Roughly seven hours before the curtain went up on the Titan Theatre’s all-female Othello, I was talking with my brilliant graduate student Tara Bradway about how she prepares to play male roles, including most recently Shakespeare’s King Richard II. (Check out her fabulous Adirondack Shakespeare Company & go see their plays if you’re upstate!) She insisted that female bodies should and can play male parts, and although she talked about a few physical tricks that she used — changing her walk, the way she held her arms, etc — basically her claim was that women can play all the parts, just as men (and boys) did in Shakespeare’s own company.
I didn’t know that conversation would be such good preparation for seeing Titan’s Othello later that night at the lovely Queens Theatre in the middle of Corona Park, in the shadow of the historic New York State Pavilion, built for the 1964-65 World’s Fair.
In Lenny Banovez’s production, women played all the roles as women. Instead of insisting, as most same-sex productions do, that any body can play any part as written, this production dug into the language and feminized (almost) everything: Brabantio became Desdemona’s “mother,” all pronouns were “she” and “her,” and in a few cases the language was re-structured to avoid sex-specific terms. (No “circumcised dog” in this version of Othello’s last speech.) They kept “Lord” as a term of rank, and a few sirs, and I heard one (perhaps mistaken?) reference to Othello’s father, who gave his mother the “antique token” of the handkerchief (5.2). While they did not feminize any of the Italian names — it remained Othello and Cassio, as opposed to Emilia and Desdemona — the single-gender fiction seemed determined and almost complete. There were two different kinds of female performers on stage, some in boots and pants and carrying swords, the others unarmed, in dresses, wearing sandals or soft shoes. But they were all women.
The result was strange, more disorienting that I would have thought, and a powerful reminder of how thoroughly gendered English speech and stage conventions are. I’m not quite sure what I think about it — I remember disliking Helen Mirren’s performance as “Prospera,” the maternal mage at the center of Julie Taymor’s film The Tempest, though I think not because of the gender gambit. In places the shift felt awkward, though perhaps a good reminder of how thoroughly we’ve naturalized English’s gender conventions. I spent much of the show thinking about a world without men, and about how the play’s mix of jealousy, violence, and attachment changes in an all-female world.
The night’s revelation was Laura Frye’s Iago. Especially in the first half of the play, she charmed with stage presence and charisma. The motive hunting soliloquies were playful, inviting, even flirtatious —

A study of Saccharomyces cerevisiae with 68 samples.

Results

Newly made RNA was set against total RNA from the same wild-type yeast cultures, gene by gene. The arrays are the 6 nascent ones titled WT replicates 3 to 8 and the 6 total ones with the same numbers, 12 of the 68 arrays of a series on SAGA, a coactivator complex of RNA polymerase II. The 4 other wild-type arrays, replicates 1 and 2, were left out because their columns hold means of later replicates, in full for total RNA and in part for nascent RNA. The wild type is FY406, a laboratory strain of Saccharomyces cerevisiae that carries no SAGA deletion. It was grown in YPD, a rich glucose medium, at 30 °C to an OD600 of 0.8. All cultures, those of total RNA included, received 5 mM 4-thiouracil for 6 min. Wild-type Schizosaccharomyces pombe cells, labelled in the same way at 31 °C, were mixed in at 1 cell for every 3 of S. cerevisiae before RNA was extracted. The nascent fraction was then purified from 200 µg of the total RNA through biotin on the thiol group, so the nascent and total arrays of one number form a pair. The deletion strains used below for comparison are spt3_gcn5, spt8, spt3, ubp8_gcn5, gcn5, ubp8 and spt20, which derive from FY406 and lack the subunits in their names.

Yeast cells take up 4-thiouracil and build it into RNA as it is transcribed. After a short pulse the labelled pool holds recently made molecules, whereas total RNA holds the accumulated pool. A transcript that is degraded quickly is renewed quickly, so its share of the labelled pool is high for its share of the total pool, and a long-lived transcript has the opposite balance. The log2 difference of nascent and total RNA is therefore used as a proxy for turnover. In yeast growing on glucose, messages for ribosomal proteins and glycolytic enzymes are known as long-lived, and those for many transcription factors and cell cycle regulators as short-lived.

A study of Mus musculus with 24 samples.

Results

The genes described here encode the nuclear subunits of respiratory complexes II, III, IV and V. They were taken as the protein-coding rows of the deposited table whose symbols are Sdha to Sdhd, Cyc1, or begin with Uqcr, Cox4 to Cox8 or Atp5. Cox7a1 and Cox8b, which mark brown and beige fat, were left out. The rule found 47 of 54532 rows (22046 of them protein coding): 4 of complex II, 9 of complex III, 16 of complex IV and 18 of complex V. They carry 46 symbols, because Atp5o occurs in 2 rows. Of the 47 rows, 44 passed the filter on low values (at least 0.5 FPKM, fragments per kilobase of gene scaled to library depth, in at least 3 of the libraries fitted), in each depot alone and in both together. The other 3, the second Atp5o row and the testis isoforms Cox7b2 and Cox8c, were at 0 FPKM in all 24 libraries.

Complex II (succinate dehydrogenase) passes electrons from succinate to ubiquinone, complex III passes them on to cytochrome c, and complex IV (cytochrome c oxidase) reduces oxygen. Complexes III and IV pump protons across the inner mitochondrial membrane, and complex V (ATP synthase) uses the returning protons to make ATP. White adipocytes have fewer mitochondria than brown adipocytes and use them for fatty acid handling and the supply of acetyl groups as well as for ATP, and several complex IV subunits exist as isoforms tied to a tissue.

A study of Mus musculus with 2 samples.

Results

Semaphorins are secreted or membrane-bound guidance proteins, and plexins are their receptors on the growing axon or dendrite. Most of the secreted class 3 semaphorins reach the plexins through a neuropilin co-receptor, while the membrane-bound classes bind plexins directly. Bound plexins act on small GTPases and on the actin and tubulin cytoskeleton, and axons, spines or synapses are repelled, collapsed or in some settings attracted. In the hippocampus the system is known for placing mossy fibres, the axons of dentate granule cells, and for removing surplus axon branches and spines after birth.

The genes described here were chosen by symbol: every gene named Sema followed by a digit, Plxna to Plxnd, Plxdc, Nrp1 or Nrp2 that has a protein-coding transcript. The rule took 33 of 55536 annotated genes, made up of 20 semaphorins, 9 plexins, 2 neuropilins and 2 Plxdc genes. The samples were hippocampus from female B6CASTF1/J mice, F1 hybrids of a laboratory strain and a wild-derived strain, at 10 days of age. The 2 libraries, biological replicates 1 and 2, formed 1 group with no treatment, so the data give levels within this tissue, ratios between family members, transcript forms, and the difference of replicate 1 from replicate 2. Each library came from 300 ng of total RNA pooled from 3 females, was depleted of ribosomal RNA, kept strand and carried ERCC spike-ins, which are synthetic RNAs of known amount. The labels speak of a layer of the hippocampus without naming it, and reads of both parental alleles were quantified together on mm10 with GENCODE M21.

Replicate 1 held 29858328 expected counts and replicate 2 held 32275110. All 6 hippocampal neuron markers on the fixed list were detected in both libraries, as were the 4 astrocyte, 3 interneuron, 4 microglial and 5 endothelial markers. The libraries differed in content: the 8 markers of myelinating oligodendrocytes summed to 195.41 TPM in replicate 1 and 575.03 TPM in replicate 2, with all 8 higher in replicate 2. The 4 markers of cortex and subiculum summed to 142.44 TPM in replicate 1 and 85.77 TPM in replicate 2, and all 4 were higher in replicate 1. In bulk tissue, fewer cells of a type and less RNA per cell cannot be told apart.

I know not if’t be true
But I for mere suspicion in that kind
Will do as if for surety. (1.3.87-89).
As the play grew more violent and entangled in its plots — the direction was fast, the cuts numerous, and the action sudden, with actors waiting in chairs onstage ready to re-enter as fast as they could — Iago turned. I thought of Tamora, Queen of the Goths in Titus, which I saw with my students this past winter. I wondered about the gendered conventions of stage villainy. Is it sexist to find a female Iago less empathetic than the hearty soldier we’re used to? Did Frye’s blazing smile, and her barely contained loathing of the more typically feminine Emilia and Desdemona, collude with a deep misogynist fantasy that wants to keep women away from certain kinds of power even in our supposedly feminist age?
As I watched this Iago I worried about Hillary Clinton and what our culture feels when we see powerful women.
Perhaps the female Othello should have occupied this thought more directly, but I didn’t find Leah Dutchin’s performance quite as compelling as did the Queens Gazette. She spoke the Othello music with authority, and the romance-inflected “story of my life” passage to Brabantio was gorgeous, but she could not really compete for center stage with Iago. Dutchin’s Moor seemed a bit over-matched, as I suppose Othello always does when faced with Iago. I don’t think it was the gender switch that diminished the general — though it is true that her rage does not fit easily into the Medea-frame through which we tend to read murderous female jealousy.
The text was chopped and compressed, including moving the great exchange of vows between Othello and Iago from the play’s middle (3.3) to quite a bit later during the second half of the action. One striking change that I did not like was treating Othello’s wounding of Iago in the final scene as a death-wound, so that the villain’s “I bleed, sir, but not killed” (5.2.285) seemed false bravado. At the final curtain the fatal bed held four bodies: smothered Desdemona, stabbed Emilia, self-stabbed Othello, but also Iago, clinging to her last breaths. Iago’s final lines are among the most chilling in all of Shakespeare —
Demand me nothing. What you know, you know.
From this time forth I never will speak word (5.2.300-01)
I missed the violent independence that I think those lines demand.
But I was pleased to make the acquaintance of the Titans in their new home at the Queens Theatre. Get into Corona Park before the run ends on May 2!